Study: An examination of gender differences in social and democratic values
Multiculturalism, linguistic duality and human rights are often identified as shared values in Canada, and, together, represent the foundation for social inclusion and cohesion in a growing and diverse society. However, do Canadians personally adhere to these and other social and democratic values?
A new study released today, titled "An examination of gender differences in social and democratic values in Canada," tackles this question by looking at personal agreement with the values of human rights, respect for the law, gender equality, linguistic duality, ethnic and cultural diversity and respect for Indigenous cultures.
In 2020, a majority of Canadians (86%) strongly valued human rights. Similar levels of agreement were seen for gender equality (81%) and respect for the law (80%).
Other values also had high levels of agreement. For instance, just over two-thirds of Canadians greatly agreed with the values of respecting Indigenous cultures (68%) and ethnocultural diversity (67%), and a slight majority (55%) of people greatly supported linguistic duality.
Women are more likely than men to agree with most social and democratic values
Women were more likely than men to agree with most social and democratic values, with the exception of linguistic duality, which had no gender difference.
The greatest differences between women and men were seen for gender equality, ethnic and cultural diversity and respect for Indigenous cultures. For example, 71% of women greatly valued ethnocultural diversity, compared with 62% of men.
Across all age groups, women were more likely than men to agree with most values. However, the difference was even more pronounced among younger people.
For instance, when it came to respect for Indigenous cultures, 82% of young women aged 15 to 34 years greatly agreed with this value, compared with 67% of young men.
Agreement with social and democratic values tend to be lower among seniors
The proportion of Canadians who personally agreed with social and democratic values decreased as age increased, with the exceptions of respect for the law and linguistic duality, for which agreement was highest among Canadians aged 65 years and older.
In 2020, 82% of women aged 15 to 34 years greatly agreed with ethnocultural diversity, while this proportion was lower among women aged 65 years and older (60%). In contrast, respect for the law climbed from 69% for young women to 91% for older women. The same age patterns were observed for men.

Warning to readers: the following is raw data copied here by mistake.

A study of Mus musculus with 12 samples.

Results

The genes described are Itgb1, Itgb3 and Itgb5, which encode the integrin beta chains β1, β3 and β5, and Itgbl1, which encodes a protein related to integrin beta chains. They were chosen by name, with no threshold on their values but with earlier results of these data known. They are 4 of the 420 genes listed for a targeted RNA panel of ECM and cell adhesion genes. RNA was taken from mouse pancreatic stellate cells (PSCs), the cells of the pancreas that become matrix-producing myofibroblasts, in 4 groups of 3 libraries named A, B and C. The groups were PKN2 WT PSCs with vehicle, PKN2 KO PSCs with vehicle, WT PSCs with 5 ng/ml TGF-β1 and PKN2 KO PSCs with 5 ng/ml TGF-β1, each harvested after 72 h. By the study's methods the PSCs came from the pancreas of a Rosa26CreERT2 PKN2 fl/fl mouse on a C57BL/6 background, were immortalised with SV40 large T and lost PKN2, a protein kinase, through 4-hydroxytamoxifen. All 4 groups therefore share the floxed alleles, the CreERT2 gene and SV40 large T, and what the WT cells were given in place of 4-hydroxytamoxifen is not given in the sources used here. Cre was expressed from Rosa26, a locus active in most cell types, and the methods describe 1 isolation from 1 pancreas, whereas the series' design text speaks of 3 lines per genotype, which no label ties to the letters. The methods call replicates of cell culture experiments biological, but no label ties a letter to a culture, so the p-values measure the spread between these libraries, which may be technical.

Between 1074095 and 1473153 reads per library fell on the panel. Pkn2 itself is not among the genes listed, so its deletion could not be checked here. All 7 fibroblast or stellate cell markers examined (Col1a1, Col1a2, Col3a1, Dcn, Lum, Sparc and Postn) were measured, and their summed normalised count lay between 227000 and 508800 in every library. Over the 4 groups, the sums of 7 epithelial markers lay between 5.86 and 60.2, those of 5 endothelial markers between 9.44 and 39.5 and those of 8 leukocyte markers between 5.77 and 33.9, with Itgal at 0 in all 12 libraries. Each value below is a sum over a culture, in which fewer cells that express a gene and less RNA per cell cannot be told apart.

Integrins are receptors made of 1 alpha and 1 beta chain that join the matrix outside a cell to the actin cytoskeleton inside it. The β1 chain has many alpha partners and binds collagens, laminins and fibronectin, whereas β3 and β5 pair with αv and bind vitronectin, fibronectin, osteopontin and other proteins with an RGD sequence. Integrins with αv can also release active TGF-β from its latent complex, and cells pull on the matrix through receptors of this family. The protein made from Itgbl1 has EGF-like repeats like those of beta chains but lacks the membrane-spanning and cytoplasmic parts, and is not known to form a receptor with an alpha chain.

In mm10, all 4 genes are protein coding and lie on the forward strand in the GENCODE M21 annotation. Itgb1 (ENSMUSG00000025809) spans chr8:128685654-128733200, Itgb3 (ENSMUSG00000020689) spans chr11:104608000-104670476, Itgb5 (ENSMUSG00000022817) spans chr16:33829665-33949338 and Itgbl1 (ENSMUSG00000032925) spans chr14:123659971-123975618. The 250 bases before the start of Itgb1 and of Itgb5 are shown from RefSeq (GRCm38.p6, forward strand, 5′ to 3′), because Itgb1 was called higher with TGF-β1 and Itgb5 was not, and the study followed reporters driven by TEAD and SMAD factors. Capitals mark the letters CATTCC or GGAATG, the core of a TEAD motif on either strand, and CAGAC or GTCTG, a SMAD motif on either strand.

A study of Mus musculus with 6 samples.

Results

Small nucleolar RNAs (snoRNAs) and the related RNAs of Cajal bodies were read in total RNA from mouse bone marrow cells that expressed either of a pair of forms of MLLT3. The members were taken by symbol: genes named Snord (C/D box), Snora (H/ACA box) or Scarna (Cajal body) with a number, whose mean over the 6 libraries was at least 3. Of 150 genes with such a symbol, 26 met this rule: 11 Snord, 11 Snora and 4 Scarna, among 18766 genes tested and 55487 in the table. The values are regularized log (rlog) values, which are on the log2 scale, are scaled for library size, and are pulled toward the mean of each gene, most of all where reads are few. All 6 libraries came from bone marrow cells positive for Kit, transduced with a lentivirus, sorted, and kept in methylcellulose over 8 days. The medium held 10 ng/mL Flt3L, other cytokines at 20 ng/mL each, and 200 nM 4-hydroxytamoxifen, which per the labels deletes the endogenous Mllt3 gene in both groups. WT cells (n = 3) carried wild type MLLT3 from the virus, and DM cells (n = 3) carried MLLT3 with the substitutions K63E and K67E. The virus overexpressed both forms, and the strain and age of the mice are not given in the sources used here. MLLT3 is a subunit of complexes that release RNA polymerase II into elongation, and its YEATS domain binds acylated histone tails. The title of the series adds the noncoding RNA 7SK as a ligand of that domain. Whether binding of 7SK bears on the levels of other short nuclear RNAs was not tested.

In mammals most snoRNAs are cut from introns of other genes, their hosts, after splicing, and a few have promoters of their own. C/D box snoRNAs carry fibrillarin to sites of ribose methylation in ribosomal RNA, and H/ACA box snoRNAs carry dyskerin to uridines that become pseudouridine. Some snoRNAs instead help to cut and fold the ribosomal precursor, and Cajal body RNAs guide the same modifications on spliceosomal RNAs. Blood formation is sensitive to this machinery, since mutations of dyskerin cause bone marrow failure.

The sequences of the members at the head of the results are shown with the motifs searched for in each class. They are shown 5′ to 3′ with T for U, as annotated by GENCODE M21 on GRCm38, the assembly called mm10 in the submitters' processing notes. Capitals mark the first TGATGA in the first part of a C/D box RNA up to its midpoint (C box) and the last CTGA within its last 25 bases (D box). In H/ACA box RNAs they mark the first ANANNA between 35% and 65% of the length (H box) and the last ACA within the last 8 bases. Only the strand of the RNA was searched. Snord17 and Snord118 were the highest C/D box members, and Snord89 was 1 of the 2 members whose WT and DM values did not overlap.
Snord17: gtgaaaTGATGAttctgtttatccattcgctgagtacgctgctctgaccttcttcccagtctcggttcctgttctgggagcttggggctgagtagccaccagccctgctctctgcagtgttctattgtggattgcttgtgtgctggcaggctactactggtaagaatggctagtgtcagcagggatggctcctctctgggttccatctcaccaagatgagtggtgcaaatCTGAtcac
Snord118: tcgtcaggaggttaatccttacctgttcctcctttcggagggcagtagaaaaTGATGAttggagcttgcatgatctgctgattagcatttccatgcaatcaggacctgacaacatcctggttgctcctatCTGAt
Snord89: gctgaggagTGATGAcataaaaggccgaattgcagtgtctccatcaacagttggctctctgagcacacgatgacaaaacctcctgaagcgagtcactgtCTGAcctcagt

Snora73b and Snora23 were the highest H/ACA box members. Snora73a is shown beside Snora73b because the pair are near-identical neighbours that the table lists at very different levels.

Canadians with higher educational attainment and those living in urban areas were also among the most likely to agree to a great extent with these values. For example, 9 in 10 women (90%) with a bachelor's degree or higher greatly agreed with gender equality, compared with 8 in 10 women (80%) with a high school diploma or below.
Immigrants more likely to agree with multiculturalism
Immigrants were more likely to agree with the values of ethnocultural diversity, respect for Indigenous cultures and respect for the law compared with their Canadian-born counterparts.
Much of this difference could be attributed to recent immigrants, that is, those who arrived in Canada in 2011 or later, who were more likely than other immigrants to personally embrace these values. For example, 83% of recent immigrants greatly agreed with the value of ethnocultural diversity, compared with 74% of longer-term immigrants.
Gender differences among the overall immigrant population were less pronounced than among the Canadian-born population.
Respect for Indigenous cultures is highly valued by First Nations people, Inuit and Métis
Respect for Indigenous cultures, which encompasses the unique histories, languages, cultural practices and spiritual beliefs of diverse Indigenous groups, was highly valued by both Indigenous men and women, more so than the non-Indigenous population.
Among Indigenous women, 9 in 10 (90%) greatly agreed with the value of respect for Indigenous cultures, compared with just over 7 in 10 non-Indigenous women (73%). The difference was less pronounced for men, but still present. In 2020, 78% of Indigenous men greatly agreed with the value of respecting Indigenous cultures, compared with 63% of non-Indigenous men.
Note to readers
This study used data from the 2020 General Social Survey – Social Identity. The study provides descriptive statistics of gender gaps among the population aged 15 years and older who personally agreed with social and democratic values in the Canadian provinces.
To measure the degree of personal agreement with social and democratic values, the survey asked respondents, "To what extent do you personally agree with the following values?" The values listed were human rights, respect for the law, gender equality, English and French as Canada's official languages, ethnic and cultural diversity and respect for Indigenous (First Nations, Métis or Inuit) culture. The response categories were "to a great extent," "to a moderate extent," "to a small extent" or "not at all." This study examined the respondents who agreed with the values to a great extent.
The article entitled "An examination of gender differences in social and democratic values in Canada" is now available in Insights on Canadian Society (75-006-X).
The infographic "Agreement with social and democratic values in Canada" is now available in the series Statistics Canada – Infographics (11-627-M).
For more information, or to enquire about the concepts, methods or data quality of this release, contact us (toll-free 1-800-263-1136; 514-283-8300; email@example.com) or Media Relations (firstname.lastname@example.org).